When I first started fashion blogging, there wasn’t a single blazer in my closet. I think I’d mentally restricted them to business professional environments, and having worked in the casual tech industry for years, I just didn’t think I needed one.
Fast forward to today, and I now consider blazers a wardrobe staple and have at least 10 in a variety of colors, fits, and fabrics.
The magic of blazers is in their power to to add a finishing touch to any look and, in the cooler months, a hint of warmth, making them a reliably stylish layer.
These days, you can find a blazer fit for any season, but fall blazers will always be my favorite. A reader asked what my latest purchase was in an Instagram Q&A recently, and I shared this herringbone fall blazer that stopped me in my tracks.
I plan to wear it with denim like I did below, but it will also look great over earthy fall dresses, solid skirts and blouses, and pants.
With the suiting trend going stronger than ever, I had to round up the best fall blazers for 2022. See below for my blazer picks for the season. The selection really is better than ever, from fitted to box cut, short to long, solid earthy tones to playful plaids.
I’ve also included a mini fall blazer shopping guide with notes on fit and fabric, in case you decide to treat yourself to something new!
Fall Blazers for 2022
If I had to choose one brand to buy blazers from for the rest of time, it would be Veronica Beard. They do tailoring justice with thoughtful details, like the pre-cinched sleeves on this lightweight plaid blazer, that make their pieces a cut above the rest. And the fit is always perfection.
The first blazer I ever owned was from Generation Love, and I still love and highly recommend their styles. I love the idea of introducing rich fall texture through a simple layer like this leather blazer, whose cut and pre-cinched sleeves would look just as good with jeans and a camisole for a night out as it would over a favorite sweater dress.
Fall Blazer Shopping Guide: Fabrication, Fit, Finish
Choosing a Fit
In general, the more fitted and structured a blazer, the more professional it will feel.
Since most of us aren’t going into the office these days, I love relaxed (not oversized) fall blazers that offer just enough room for sweaters underneath. I know the loose, menswear look is “in” right now, but I love the classics, so my preference is for blazers that meets these criteria:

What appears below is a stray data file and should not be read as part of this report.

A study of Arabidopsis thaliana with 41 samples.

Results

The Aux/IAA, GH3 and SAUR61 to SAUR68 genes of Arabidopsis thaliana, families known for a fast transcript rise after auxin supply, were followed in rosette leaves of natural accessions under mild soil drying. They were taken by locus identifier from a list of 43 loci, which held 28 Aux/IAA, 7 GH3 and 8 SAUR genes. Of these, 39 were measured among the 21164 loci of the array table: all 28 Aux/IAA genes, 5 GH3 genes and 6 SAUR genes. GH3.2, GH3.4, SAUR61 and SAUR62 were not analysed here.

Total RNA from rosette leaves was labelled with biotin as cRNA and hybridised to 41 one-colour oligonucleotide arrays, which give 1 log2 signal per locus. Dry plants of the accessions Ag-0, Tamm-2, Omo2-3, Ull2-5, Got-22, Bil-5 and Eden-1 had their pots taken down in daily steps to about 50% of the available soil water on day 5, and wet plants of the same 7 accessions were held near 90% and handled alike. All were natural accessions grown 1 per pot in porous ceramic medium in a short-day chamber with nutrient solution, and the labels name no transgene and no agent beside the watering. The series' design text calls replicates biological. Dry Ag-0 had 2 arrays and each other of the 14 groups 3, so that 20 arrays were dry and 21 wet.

- Fitted (not tight) across the shoulders
- Sleeves hit anywhere from the wrist bone to mid thumb
- Hem skims the hipbone for traditional styles
- Hem hits at the smallest part of the waist for cropped styles
- Able to button without pulling (even if you plan to wear it open)
Solid vs. Pattern
I love fall blazers in earthy solids (camel, olive, navy, chocolate brown) and seasonal prints (herringbone, plaid) equal. If choosing between them, there’s really no right or wrong, but the best one will depend on what’s already in your fall wardrobe.
If you tend to wear more emotional, printed pieces as your base layers (floral skirts and dresses, brightly colored fall tops and pants), you may get more wear out of a solid.
If you wear neutrals and stripes, you may love the pop of a printed fall blazer.
Single Breasted vs. Double Breasted
Double-breasted blazers read dressier to me; they’re a statement piece in and of themselves. Single-breasted blazers feel more casual and streamlined, and I find they tend to give more shape at the waist.
Either style layers over a variety of outfits. I’ve worn both over dresses, denim, skirts, and pants. Give each a try from a few different brands to see how you feel!
Fabrication may be more important as your choice of suede, tweed, velvet, satin, wool, or wool blend will determine its function. Wool flannel like this, for example, could serve as the first layer underneath a heavier coat, while blazers with a higher percentage of wool like this or this can serve as outerwear.
Styling: Finishing Touches
When I’m wearing my blazers on (not draped over the shoulders), I like to cinch the sleeves up just a hair to show off the wrist.
This has a slimming effect (take a look at most styled photos of blazers on any retailer’s website and you’ll notice that they do this too).